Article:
In spring 2010, the Blackburn Hamlet cub pack offered to make bird boxes or feeders for us. We asked if they would consider building roosting boxes instead as we wanted to know whether these much larger containers would be used over the winter, presumably by birds seeking shelter from the weather.
According to Shaw Creek Bird Supplies (where we found plans for the boxes), “Any backyard favorites that typically nest in boxes — bluebirds, chickadees, titmice, nuthatches and small woodpeckers — may seek refuge in [a roosting box]. Roosting boxes differ from nest boxes in several important ways. A good roost box is designed to prevent the birds’ body heat from escaping, so, unlike a nest box, it lacks ventilation holes. Also, its entrance hole is near the bottom of the box so the rising warmth doesn’t escape.”
At the end of October 2010, the cubs and their leaders installed seven beautiful roosting boxes at various sites around the FWG. All were attached to trees.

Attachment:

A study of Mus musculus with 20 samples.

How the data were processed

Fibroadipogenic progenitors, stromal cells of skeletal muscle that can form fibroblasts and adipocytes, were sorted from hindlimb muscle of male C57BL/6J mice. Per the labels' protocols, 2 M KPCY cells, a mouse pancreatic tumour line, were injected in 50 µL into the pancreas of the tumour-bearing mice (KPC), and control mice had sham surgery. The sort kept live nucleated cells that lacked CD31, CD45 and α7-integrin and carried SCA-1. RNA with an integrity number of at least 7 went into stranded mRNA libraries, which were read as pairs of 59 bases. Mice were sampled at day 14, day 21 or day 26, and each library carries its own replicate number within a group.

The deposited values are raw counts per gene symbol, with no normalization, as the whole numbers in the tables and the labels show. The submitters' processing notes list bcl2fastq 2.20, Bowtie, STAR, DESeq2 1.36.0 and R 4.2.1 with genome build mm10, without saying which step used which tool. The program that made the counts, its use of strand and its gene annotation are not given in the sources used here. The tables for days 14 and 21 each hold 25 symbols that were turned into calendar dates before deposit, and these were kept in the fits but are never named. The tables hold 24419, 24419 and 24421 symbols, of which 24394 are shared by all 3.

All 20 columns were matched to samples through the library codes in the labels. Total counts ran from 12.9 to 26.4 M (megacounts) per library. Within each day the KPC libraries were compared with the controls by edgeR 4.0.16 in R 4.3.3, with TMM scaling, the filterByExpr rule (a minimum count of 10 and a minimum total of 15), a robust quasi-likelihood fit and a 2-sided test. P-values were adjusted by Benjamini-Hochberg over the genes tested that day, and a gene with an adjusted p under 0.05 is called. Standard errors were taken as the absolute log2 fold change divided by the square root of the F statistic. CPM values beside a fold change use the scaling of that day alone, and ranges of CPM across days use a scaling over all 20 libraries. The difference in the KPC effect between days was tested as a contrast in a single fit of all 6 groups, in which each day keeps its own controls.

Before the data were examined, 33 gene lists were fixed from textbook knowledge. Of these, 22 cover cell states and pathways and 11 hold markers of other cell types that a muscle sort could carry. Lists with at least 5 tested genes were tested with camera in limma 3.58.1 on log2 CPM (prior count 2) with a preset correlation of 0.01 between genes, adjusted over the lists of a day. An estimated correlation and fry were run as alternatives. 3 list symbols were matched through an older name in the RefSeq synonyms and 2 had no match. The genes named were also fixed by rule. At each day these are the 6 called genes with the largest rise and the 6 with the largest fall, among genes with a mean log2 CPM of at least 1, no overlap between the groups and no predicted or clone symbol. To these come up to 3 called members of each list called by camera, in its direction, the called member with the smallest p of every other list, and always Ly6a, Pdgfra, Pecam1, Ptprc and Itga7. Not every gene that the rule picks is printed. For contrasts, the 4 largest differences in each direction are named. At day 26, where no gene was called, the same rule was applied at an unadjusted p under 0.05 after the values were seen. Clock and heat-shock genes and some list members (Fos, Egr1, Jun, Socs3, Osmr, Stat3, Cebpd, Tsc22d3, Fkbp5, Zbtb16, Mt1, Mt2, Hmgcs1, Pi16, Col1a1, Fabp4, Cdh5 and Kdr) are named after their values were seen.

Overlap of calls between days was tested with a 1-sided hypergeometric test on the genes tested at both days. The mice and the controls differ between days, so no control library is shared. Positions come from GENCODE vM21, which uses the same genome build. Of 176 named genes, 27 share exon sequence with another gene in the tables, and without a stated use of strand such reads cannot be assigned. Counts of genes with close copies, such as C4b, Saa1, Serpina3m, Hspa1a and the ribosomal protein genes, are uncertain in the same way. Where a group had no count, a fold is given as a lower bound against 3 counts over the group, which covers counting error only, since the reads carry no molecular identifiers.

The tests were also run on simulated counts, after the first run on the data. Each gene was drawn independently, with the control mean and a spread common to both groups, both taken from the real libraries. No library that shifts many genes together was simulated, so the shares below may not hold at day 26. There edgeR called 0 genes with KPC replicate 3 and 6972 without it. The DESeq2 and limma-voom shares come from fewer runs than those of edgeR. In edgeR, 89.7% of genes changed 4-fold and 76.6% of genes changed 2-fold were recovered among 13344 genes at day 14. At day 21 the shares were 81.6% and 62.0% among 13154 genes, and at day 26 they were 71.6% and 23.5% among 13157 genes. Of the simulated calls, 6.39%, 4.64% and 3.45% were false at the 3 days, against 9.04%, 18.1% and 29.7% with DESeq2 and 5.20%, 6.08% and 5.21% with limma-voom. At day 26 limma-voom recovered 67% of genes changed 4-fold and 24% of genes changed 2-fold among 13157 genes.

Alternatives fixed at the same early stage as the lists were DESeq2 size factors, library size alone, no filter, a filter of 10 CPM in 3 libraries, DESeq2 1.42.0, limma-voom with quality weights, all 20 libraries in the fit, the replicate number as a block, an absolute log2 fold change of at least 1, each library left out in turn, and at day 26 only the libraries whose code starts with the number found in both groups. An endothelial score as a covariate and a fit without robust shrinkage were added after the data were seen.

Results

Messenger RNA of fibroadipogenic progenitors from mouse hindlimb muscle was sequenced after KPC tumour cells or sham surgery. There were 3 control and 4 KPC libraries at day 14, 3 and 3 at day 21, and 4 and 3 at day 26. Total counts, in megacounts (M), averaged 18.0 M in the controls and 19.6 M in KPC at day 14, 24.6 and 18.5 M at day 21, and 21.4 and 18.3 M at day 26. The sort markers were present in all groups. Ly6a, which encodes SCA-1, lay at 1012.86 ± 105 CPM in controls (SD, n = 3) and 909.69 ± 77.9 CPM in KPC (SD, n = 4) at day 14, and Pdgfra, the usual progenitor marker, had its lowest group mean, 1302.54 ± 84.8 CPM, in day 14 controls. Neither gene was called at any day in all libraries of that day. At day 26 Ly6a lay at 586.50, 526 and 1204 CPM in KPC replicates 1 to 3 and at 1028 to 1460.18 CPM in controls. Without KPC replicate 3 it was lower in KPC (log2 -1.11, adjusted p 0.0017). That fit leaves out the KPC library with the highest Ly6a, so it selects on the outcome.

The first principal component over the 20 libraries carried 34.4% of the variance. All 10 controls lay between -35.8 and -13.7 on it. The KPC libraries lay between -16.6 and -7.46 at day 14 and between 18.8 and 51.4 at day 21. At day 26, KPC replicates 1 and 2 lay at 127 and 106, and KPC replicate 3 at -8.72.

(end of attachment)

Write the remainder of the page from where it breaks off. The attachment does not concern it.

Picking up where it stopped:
The little red squirrel at the left wasted no time staking a claim to one box a few days later. He made multiple trips bringing mouthfuls of leaves and fluff that he busily stripped from dog-strangling vine plants.
Chickadees also checked out the boxes in early winter 2010, not long after they were installed (chickadees also use bird boxes for roosting in winter).
Although the boxes are not used by birds as expected, this is not a bad thing! There aren’t many squirrel-sized cavities at the FWG, as our trees are not large enough, so the roosting boxes are a nice generous size for them and they may be less inclined to squeeze themselves into bird boxes.
When the Cubs again asked if they could build something for us, we decided to try “squirrel boxes” in hopes that our red squirrels would leave the roosting boxes to the birds and occupy shelters designed especially for them. We’re hoping to get these new boxes installed soon and will let you know whether the plan succeeds.